June 15, 2020
Nicole Eisenman’s fourth exhibition at Anton Kern Gallery presents 24 paper pulp drawings from a body of new works created in collaboration with renowned Dieu Donné workshop in Brooklyn. Dieu Donné is a non-for-profit institution that has long served the artist community through a collaborative approach to creating artworks using the process of hand papermaking.
The term paper pulp drawing doesn’t describe the full range of the process. These flat images are hybrids of drawing, painting and sculpting. Each work was painted with pigmented linen pulp directly into a cotton substrate during the papermaking process. Eisenman manipulated her materials in free-flowing skeins, painting with liquid pigment into the surface of the wet paper pulp while draining and drying, creating an image that is inseparable from its support. In addition, the artist added the occasional collage element to the surfaces.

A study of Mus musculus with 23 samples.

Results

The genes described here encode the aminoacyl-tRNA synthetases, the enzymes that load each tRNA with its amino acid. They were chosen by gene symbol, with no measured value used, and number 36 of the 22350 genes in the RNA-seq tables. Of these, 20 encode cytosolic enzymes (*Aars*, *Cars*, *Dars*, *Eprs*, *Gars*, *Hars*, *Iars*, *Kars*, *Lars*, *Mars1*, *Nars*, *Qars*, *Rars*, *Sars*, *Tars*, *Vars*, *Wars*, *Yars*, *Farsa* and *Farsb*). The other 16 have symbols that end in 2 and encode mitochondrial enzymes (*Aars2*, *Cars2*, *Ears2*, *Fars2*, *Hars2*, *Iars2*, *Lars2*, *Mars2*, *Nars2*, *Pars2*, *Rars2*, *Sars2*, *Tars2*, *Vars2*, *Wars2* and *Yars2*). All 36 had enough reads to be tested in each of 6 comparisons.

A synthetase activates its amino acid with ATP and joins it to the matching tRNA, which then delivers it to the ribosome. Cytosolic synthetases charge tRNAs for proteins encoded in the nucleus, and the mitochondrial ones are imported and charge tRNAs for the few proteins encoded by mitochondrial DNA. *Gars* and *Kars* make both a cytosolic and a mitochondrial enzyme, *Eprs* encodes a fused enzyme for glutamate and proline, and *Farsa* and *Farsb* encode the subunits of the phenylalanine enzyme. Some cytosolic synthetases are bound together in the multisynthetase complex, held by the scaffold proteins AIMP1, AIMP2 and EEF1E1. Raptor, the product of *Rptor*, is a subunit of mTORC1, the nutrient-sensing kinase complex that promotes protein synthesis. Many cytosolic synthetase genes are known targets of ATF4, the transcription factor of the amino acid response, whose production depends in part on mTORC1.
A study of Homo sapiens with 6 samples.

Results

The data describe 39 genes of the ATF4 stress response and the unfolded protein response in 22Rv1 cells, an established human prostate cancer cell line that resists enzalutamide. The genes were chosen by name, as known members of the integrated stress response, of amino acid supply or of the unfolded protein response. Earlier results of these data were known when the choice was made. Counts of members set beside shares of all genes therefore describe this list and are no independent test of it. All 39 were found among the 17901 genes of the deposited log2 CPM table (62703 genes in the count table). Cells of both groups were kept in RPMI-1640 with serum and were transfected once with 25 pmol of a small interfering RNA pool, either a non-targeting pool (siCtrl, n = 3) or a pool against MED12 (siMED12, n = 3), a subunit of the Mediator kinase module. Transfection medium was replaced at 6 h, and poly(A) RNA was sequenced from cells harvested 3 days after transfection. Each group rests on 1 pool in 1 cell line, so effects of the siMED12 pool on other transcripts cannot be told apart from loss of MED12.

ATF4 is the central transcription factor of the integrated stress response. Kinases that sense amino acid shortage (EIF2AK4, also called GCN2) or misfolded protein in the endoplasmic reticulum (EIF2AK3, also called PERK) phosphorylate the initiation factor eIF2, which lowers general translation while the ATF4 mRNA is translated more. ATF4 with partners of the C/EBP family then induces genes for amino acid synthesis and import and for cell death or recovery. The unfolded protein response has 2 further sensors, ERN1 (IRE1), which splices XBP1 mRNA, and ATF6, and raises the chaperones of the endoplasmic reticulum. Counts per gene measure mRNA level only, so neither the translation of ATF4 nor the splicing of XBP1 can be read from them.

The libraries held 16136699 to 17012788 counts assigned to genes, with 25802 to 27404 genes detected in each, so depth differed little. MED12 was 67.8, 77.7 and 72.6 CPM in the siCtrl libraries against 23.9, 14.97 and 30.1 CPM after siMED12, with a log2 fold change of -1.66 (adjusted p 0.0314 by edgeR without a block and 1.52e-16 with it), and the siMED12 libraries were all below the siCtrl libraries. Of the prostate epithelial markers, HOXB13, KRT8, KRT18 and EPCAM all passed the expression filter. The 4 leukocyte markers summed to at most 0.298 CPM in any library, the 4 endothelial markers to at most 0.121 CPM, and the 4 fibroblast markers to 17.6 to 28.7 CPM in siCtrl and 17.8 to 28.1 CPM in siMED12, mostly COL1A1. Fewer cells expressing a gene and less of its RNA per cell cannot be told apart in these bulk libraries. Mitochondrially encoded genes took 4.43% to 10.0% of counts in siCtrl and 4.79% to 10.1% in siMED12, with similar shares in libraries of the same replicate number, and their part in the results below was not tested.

Eisenman’s images are instantly legible and serve quite a punch, and it comes as no surprise to hear the artist refer to this body of work as “posters.” The immediacy of the image, the relationship between image and text, the contemporaneity of the subject matter, and Eisenman’s profound sense of humor demonstrate this point. Her inspiration evidently includes the language of movie posters, advertisements, the drawings of William Blake, and internet memes. Like posters, these works convey complex and oftentimes humorous thoughts through a simple image and concise phrase. Regardless of the intricacies of the paper pulp process, Eisenman has created images of crystal-clear immediacy and impact that push past any temporary promotion of an idea or event into the realm of more nuanced reflection.
Concurrently with the exhibition Incelesbian, Dieu Donné and Anton Kern Gallery are publishing a catalog of the complete set of Nicole Eisenman paper pulp works created over the past two years. The fully illustrated, 92-page book will include a text by Matt Longabucco.